From This Associated Press story that we found in the International Herald Tribune, we hear from a couple who used microcredit to begin a business.
When Amy Sokoloff and John Powell were trying to start their art restoration business in New York City, they needed some working capital. But banks weren't willing to take a chance on them.
Sokoloff and Powell ended up on the doorstep of ACCION USA, a not-for-profit group patterned after the Third World microfinance institutions best known for providing money to Moroccan farmers for breeding chickens or to Bangladeshi women for weaving supplies.
The $15,000 loan they got in 2005_ which they paid back in two years — got them the sunlit studio where their Chelsea Restoration Associates brings aged, damaged oil paintings back to life. Last fall, after the U.S. recession began to cut into their business, they went back to ACCION USA for a $25,000 loan, "a tremendous help for cash flow" with an affordable 10.9 percent interest rate, Sokoloff said.
Sokoloff and Powell are among thousands of Americans using microcredit, a financing system originated in the Third World, to help open small businesses or get through rough spots. While the dollar amounts are much bigger in the U.S. than the tiny loans in developing countries — some for less than $10 — the principle is the same: a financial stake that lets people in need better their lives.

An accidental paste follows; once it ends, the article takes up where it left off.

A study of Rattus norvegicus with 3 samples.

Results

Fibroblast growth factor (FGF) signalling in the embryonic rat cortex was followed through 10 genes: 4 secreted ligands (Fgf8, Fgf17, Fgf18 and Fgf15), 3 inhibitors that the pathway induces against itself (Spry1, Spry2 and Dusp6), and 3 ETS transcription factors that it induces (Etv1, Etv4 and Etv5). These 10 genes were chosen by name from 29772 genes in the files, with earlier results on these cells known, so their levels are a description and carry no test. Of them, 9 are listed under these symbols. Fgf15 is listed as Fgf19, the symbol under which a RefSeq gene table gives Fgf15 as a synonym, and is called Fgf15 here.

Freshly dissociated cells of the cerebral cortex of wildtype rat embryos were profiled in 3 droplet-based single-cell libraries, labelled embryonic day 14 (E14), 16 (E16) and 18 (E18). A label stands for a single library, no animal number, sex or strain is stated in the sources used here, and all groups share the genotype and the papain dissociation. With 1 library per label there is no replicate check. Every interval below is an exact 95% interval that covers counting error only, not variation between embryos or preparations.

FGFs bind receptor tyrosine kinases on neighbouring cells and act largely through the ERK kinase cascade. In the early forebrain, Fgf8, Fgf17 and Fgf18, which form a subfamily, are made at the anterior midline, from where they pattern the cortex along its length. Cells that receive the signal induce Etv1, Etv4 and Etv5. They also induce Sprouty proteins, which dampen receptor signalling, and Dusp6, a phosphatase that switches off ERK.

Now, with the recession deepening, U.S.-based microlenders say they are seeing an increase in inquiries from would-be borrowers, including startup entrepreneurs seen as too risky by banks and other traditional lenders.
And the still-small U.S. microcredit sector hopes for a boost from the new administration of President Barack Obama.
Obama's secretary of state, Hillary Clinton, is a big supporter of microfinance, praising it during her confirmation hearing for its ability to "raise standards of living and transform local economies" overseas. Obama also has a personal link to the industry because his late mother, Ann Dunham, was involved in microfinance in Indonesia.
These connections gave raised hopes among microloan advocates that some money from the administration's $787 billion economic rescue package will filter into their programs. U.S. microlenders already get support from the Small Business Administration and a Treasury community development fund.
"We're hoping for more funding" from government, said Wendy K. Baumann, vice chairman of the Association for Enterprise Opportunity, an advocacy group for microfinance based in Arlington, Virginia.
Microloans have been made in developing countries for more than 30 years. Bangladeshi economist Mohammed Yunis made the first one of about $27 from his own pocket to 42 women hoping to buy bamboo to make furniture. He later formed the Grameen Bank, which is now one of the world's largest microlenders and shared the 2006 Nobel Peace Prize with the founder.